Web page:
New Hampshire Union Leader

November 21. 2012 10:46PM
A flock of about 20 wild turkeys cross Fairgrounds Road in Plymouth Monday morning in search of acorns. From a flock of 25 birds imported from the Allegheny Mountains in 1975, the state now has an estimated 40,000 birds from New Castle to Pittsburg. Every community in the state has a flock or more, according to Ted Walski, Fish and Game's turkey biologist. (Paula Tracy/Union Leader)

Usain Bolt, the world's fastest-known human, averaged 23.35 mph during his world-record 100 meters. He would not be able to beat an Eastern wild turkey, which can run up to 25 mph.

More turkey talk:

-- The domestic, farm-raised turkeys most Americans eat on Thanksgiving Day are nothing like the wild turkey feasted on by the Pilgrims and Native Americans. Wild turkeys rarely weigh more than 24 pounds, while domestic turkeys regularly grow to more than 40.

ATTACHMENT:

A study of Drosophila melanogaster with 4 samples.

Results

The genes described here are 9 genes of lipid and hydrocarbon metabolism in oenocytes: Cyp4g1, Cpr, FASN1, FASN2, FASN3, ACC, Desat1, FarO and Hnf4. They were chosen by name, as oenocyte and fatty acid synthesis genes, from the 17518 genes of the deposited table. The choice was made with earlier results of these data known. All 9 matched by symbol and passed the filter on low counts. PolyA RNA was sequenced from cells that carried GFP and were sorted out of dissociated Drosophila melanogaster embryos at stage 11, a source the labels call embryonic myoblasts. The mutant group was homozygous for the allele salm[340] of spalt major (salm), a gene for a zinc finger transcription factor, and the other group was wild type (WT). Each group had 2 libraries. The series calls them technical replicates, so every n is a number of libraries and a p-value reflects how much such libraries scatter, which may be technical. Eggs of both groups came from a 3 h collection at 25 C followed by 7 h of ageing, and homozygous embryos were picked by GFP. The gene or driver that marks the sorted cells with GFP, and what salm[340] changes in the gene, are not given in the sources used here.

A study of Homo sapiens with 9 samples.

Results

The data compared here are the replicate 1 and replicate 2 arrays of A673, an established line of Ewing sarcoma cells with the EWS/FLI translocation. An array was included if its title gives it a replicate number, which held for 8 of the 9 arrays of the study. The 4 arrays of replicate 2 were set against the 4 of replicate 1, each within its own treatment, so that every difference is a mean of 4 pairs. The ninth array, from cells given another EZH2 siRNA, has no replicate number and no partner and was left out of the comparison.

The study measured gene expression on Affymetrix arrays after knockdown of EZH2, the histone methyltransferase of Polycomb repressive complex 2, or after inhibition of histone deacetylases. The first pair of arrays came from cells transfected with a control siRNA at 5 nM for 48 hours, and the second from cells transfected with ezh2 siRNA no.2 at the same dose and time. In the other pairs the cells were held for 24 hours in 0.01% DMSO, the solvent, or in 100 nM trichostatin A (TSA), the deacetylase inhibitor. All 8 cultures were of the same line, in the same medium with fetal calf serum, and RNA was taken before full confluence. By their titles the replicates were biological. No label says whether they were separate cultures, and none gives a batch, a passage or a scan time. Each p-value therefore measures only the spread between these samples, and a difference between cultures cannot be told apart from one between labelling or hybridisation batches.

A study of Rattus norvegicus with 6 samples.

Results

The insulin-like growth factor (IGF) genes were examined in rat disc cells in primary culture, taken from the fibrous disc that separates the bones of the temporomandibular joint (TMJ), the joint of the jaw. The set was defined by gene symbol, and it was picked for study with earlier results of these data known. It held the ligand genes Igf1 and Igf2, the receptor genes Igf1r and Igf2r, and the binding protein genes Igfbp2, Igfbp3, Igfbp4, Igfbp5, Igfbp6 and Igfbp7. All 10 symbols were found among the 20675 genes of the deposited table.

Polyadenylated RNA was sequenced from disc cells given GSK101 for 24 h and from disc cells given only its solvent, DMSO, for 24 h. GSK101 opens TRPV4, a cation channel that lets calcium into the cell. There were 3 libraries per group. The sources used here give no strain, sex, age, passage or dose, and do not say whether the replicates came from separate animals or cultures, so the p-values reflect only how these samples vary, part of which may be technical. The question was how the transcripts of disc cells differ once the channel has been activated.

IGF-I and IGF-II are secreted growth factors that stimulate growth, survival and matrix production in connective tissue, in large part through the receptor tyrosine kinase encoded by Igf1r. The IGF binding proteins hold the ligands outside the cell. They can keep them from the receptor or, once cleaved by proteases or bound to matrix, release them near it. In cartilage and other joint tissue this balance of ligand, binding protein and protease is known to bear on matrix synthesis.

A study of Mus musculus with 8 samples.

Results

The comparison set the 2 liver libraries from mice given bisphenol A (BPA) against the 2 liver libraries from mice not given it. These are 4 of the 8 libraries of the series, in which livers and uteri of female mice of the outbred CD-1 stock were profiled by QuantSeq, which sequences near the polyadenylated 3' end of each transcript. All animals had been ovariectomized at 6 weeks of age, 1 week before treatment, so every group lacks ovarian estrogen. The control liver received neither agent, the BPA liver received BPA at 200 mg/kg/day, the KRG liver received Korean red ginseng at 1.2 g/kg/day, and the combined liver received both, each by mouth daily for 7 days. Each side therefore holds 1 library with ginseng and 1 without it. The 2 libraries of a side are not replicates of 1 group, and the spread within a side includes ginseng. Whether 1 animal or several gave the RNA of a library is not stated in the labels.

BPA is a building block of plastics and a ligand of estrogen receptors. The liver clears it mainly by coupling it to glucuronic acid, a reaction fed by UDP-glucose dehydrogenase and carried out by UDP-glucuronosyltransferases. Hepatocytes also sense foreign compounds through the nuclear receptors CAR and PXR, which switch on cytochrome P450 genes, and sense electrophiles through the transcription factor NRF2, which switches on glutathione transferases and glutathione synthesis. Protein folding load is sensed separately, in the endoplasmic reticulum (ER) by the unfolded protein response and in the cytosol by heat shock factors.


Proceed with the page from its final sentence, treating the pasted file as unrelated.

-- Most domestic turkeys are too heavy to fly. But wild turkeys have as many as 6,000 feathers and can fly as fast as 55 mph.

-- This year in New Hampshire, 3,873 turkeys were taken from farm and field by shotgun in the spring; another 621 were killed in the Oct. 15-19 gobbler shotgun season.

-- Archers have only been able to take 234 birds so far (the season runs into December) because they are hard to hit, notes Ted Walski the state's turkey biologist.

-- John Brasier of the National Wild Turkey Federation in Edgefield, S.C., said there are now almost 7 million wild turkeys in the country. That is up from 1.3 million in 1973, when the association began its work.

-- Wild turkeys can make at least 28 different vocalizations, with gobbles heard up to one mile away. They roost (sleep) in trees, often as high as 50 feet off the ground, and have much sharper vision than humans.

-- The federation discourages putting food on the ground for turkeys to eat, but encourages planting crops that will "become permanent food sources," Brasier said.

-- Those include crops that push through snow, such as corn, sorghum and wheat, as well as shrubs and small trees such as crab apple. Native grasses and various white and red clovers are good food sources before snow cover.